One answer can be given in a single name: Rousseau. While Rousseau sought a sense of freedom, he based it on extreme subjectivism, arguing that science and art did more to harm morals than to strengthen them. He saw humans as born with a good nature, but corrupted by society.
To improve both humans and human society, then, Rousseau argued that we should free them from the formative influences of culture and tradition. That meant shielding them from a variety of influences, including disciplines as seemingly disparate as algebra and religion.
For Rousseau, however, those were not as different as they might seem: both were a discipline of the mind, requiring analytical thinking.
Knowing that his program would not be easily implemented, he warned that some people, not understanding what was truly good for them, might resist his reshaping of society. They would, he stated, need to be forced to be free.
Equally paradoxically, while demanding the end to establish institutional religion as it was known, Rousseau created his own religion, and argued that anyone who failed to embrace it should be put to death.
Rousseau’s militant irrationalism was eerily predictive of the massive bloodshed which would constitute the French Revolution.
In such a system, the individual was trammeled by a mass movement which was undertaken, ironically, for the cause of liberating the individual. Rousseau had no patience for economics, and was not interested in giving the kind of freedom which allowed the simple baker or tailor or carpenter to make goods in his workplace and sell them as he saw fit. Rousseau was interested in mass movements, and among Rousseau’s followers, this turned into visions of nations and ethnic groups. Allen Guelzo writes:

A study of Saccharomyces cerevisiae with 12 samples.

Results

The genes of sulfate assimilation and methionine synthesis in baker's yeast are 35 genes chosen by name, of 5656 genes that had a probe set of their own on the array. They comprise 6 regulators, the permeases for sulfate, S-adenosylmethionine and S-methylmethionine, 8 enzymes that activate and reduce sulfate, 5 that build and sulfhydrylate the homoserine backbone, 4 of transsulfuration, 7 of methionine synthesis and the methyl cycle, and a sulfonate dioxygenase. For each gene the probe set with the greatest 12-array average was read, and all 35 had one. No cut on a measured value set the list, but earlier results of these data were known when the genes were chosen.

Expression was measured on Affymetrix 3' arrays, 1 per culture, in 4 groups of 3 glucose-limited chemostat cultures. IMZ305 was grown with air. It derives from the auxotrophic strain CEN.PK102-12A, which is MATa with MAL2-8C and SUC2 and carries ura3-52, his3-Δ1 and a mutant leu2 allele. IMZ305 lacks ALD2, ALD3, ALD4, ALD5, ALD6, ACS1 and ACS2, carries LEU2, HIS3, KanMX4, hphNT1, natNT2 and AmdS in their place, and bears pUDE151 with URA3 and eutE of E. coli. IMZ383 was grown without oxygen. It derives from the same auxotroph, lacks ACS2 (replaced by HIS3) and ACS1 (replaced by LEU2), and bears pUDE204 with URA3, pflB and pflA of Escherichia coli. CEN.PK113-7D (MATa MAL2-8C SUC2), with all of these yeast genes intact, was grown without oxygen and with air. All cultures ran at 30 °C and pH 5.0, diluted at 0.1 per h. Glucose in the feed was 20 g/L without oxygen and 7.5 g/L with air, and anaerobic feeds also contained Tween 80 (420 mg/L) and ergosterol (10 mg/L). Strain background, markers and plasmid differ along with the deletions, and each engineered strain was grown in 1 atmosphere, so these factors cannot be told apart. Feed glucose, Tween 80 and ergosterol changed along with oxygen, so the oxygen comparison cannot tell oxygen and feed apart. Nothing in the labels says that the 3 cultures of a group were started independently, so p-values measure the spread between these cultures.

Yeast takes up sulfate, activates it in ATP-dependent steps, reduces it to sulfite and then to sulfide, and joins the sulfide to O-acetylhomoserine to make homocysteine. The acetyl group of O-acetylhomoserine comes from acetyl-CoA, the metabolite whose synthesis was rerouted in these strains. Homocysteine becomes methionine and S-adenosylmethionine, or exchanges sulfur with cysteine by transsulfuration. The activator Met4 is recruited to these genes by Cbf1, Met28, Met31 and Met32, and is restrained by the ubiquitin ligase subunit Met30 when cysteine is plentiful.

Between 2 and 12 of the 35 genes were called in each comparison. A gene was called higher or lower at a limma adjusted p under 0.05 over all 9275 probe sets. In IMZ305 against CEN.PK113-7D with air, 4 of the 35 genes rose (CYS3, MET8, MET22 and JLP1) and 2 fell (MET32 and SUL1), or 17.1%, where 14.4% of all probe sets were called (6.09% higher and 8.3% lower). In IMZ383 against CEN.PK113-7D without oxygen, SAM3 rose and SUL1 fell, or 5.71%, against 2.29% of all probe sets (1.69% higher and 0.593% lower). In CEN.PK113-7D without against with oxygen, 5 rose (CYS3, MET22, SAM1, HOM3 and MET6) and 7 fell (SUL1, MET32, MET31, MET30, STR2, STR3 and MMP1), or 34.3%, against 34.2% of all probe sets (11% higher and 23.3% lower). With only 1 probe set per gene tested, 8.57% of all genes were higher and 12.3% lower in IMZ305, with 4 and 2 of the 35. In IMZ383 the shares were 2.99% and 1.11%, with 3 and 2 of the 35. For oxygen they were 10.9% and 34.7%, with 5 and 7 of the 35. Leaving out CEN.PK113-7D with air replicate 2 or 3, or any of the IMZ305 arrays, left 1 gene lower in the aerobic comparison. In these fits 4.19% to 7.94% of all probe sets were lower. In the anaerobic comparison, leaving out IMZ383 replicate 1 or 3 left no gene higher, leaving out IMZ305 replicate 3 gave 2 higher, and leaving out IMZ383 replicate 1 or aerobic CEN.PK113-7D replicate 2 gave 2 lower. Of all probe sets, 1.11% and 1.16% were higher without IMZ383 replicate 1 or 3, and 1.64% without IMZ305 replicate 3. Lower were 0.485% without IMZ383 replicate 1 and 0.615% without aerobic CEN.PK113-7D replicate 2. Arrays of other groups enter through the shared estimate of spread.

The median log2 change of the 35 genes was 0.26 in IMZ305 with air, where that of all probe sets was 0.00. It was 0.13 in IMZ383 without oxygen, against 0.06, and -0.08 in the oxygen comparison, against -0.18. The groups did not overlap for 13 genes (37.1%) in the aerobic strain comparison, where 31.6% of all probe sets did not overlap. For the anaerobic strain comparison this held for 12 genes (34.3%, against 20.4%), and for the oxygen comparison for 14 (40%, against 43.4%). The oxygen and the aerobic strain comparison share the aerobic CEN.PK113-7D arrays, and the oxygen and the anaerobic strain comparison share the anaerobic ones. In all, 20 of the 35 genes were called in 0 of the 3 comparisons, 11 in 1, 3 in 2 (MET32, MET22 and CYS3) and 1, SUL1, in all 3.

The bourgeoisie, therefore, was nothing more than what Goethe called “the gawping public.” What Rousseau hoped to be ruled by was a mysterious “general will” emerging from “the people” as a tribal mass, not by the checks and balances of individuals and their representatives. Nations, as culturally defined organisms rather than assemblies of free and equal citizens, became the object of Romantic ardor.
Rousseau, and the Romanticist politics he engendered, ignore or shun the concepts which had been carefully formulated by a previous generation of thinkers. Locke had crystalized notions like the legitimacy of a government being based upon the consent of the governed, and the idea of majority rule. Rousseau was not interested in a republic in which citizens could freely elect representatives.
Also rejected by Rousseau was any effort to analyze human nature, and from that understanding, to form a notion of how society might be structured, given that humans are what they are. Rousseau seems to reject the notion that “being human” has any clear meaning or definition, and seems rather to think that it can be or mean whatever he wants. Allen Guelzo continues:
Authoritarian notions of society and polities built on Blut und Eisen feed their souls on a Romantic rejection of democratic universalism and natural law. In that sense, Romanticism’s darkest legacy is the one that stained the 20th century with fascism and socialism.
Sadly, those very concepts which Rousseau rejects are the ones which place a limit on the power and authority of government. While Rousseau thought he was building a future with some type of freedom, he was in fact paving the way for tyrannies and dictatorships.